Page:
THE UPSET YEAR
There are many in the industry who feel that this year's gold win by Taxi is long overdue.
And perhaps to compensate for the delay, it was a very definitive win, with Taxi listed as first or second choice by every judge but one.
But while Taxi's coronation may come as no surprise, the silver win by Bensimon*Byrne and Zig's bronze are a bit more unexpected. After all, neither agency was even invited to take part last year.
That's partly because of the competition's extensive two-stage process. First a shop has to make a splash in the marketplace so that it garners enough "yes" votes when we poll marketers and agency execs to establish the shortlist. Secondly, it has to produce a fairly large body of work so that it can pull five consistently excellent campaigns from the year's output. It's a long and rocky trek, and it's not necessarily friendly to young up'n'comers - but a look at past winners (page 66) shows that it works: The winning agencies truly are the agencies that are consistently producing the best work in the country at the time they win.
As always, the gold, silver and bronze agencies won purely on the quality of the five campaigns they submitted, and this was evident in the judges' comments. Taxi, in particular, wowed both our strategic and creative panels by not only coming up with clever positionings and strategies, but executing them in ways that had judges laughing, crying and grooving along with some truly excellent tunage.
The Covenant House campaign, which has already brought home the brass at both the London International Advertising Awards and Cannes, was a particular fave, rightly credited for moving and enlightening viewers without resorting to saccharine sentiment or cloying guilt tactics. The Mini and Viagra campaigns were also popular, with pure entertainment most often cited as their strengths.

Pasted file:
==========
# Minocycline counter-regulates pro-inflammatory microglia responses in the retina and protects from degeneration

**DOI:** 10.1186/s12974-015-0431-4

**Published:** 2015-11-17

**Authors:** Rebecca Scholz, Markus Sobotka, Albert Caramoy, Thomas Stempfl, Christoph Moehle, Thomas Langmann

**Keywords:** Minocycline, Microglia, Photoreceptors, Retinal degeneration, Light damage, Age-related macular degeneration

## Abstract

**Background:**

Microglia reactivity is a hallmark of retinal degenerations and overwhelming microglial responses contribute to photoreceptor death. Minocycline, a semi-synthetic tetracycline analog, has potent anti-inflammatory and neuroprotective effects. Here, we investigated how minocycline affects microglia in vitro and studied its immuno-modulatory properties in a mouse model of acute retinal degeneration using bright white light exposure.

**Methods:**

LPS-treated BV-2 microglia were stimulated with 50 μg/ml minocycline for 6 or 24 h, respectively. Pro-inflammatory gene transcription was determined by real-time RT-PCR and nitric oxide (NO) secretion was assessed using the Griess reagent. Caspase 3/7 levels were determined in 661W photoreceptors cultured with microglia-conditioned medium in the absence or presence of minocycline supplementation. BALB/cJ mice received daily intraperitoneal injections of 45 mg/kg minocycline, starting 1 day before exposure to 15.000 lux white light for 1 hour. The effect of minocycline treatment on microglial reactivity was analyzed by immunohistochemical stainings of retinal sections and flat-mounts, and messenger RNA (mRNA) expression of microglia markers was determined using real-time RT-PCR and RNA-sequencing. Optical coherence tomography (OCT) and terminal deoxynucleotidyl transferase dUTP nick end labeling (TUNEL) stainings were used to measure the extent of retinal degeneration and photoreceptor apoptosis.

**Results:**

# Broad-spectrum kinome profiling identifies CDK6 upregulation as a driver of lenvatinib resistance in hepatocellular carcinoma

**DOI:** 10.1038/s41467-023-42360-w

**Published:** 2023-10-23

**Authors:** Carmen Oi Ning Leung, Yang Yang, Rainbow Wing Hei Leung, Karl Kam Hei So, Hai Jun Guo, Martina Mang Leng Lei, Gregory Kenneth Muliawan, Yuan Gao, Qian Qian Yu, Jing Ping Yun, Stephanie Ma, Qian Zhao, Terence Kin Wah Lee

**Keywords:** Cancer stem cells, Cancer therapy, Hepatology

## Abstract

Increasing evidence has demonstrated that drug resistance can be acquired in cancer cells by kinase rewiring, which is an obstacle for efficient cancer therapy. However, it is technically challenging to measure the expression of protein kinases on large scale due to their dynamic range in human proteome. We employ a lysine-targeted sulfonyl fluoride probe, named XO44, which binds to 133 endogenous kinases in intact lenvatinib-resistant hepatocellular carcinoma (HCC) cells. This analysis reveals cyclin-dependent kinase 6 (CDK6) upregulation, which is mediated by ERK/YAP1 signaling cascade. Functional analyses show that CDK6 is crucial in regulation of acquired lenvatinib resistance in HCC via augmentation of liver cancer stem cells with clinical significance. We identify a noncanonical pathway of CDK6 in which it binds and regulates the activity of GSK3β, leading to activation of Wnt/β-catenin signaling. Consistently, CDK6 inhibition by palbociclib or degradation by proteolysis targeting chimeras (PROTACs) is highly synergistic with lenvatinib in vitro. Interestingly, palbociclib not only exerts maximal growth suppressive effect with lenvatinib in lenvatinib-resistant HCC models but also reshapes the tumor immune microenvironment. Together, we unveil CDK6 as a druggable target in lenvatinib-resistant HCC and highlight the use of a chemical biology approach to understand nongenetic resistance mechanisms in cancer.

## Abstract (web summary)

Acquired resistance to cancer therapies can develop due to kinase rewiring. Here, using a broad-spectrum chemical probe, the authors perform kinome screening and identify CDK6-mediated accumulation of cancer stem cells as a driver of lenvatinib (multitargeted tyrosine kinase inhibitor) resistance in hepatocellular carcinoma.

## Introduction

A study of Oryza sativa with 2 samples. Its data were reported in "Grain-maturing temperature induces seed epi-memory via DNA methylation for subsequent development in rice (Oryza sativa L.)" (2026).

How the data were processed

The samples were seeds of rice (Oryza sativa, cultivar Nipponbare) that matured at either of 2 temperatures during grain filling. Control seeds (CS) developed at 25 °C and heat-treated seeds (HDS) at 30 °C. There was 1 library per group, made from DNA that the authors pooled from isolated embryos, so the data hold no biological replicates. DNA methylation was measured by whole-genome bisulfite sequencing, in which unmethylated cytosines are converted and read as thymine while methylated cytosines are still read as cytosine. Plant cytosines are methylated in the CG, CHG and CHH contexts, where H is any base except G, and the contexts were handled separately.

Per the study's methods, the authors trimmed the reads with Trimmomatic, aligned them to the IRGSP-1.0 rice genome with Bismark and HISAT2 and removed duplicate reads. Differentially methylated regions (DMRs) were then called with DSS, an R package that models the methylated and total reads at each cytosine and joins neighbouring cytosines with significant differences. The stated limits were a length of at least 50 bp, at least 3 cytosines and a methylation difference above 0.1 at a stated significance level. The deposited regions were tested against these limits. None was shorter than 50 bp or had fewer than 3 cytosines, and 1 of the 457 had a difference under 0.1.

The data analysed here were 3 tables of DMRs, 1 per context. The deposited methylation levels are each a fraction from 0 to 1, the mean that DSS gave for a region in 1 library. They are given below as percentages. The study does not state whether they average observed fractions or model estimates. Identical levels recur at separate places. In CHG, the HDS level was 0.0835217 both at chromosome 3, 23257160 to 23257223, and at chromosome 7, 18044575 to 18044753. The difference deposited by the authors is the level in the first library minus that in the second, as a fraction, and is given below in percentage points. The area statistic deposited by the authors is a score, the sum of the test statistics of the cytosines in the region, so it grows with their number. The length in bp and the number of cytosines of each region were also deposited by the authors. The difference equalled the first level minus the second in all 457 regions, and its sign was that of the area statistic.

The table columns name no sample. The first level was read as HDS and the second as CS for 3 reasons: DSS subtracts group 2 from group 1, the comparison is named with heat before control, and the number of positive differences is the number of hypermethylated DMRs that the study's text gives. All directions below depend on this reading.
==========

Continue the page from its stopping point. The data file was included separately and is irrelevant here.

Another campaign that really hit the mark with judges was Bensimon's Pro-Line work - for both its shrewd repositioning of the lottery for a wider audience, and its use of puking football players to great effect. Zig's "Man Breasts" for Rethink Breast Cancer and "Sex with Stu" for W were also mentioned as standouts for using sexuality in a "clever manner" without being "exploitive and peep showy."
In fact, as judge Joan Fedoruk, president of Vancouver agency Big House noted, the calibre of strategic thinking behind most of the work submitted by the seven finalists - Bensimon*Byrne, Cossette Communication-Marketing, J. Walter Thompson, Palmer Jarvis DDB, Rethink, Taxi and Zig - was so consistently high, she found that it was only the entertainment factor that separated the outstanding from the excellent.
Many will be surprised by Palmer Jarvis DDB's honourable mention this year, especially after three consecutive golds, but one should perhaps not read too much into the drop. The agency is currently dealing with two conditions suffered by all hugely successful agencies - loss of talent and fast-paced growth - but it seems to be dealing with them very well. In particular, the agency's decision to spin off Downtown Partners as boutiquey creative hotbed within a growing full-service empire will likely allow the agency to retain its edge while taking on larger clients and more integrated, national work.
The best news to come out of the 12th annual AOY competition is that this year's judges seemed much more upbeat about the overall state of advertising in Canada than panels in previous years. While comments on the overall quality of the work ranged from slightly disappointed (Dave Bell, KesselsKramer) to almost gushing praise (Alvin Wasserman, Nicole Dubé), Nestlé Purina PetCare VP Susan Molenda probably best expressed the prevailing opinion by noting "a trend to bolder and more daring creative."
The judges also commented, as always, on what has become a hallmark of Strategy's Agency of the Year competition: That of the five campaigns each agency had to submit, it's the fifth one that makes or breaks you. Because any agency can produce one good campaign. But only the best can do it every time.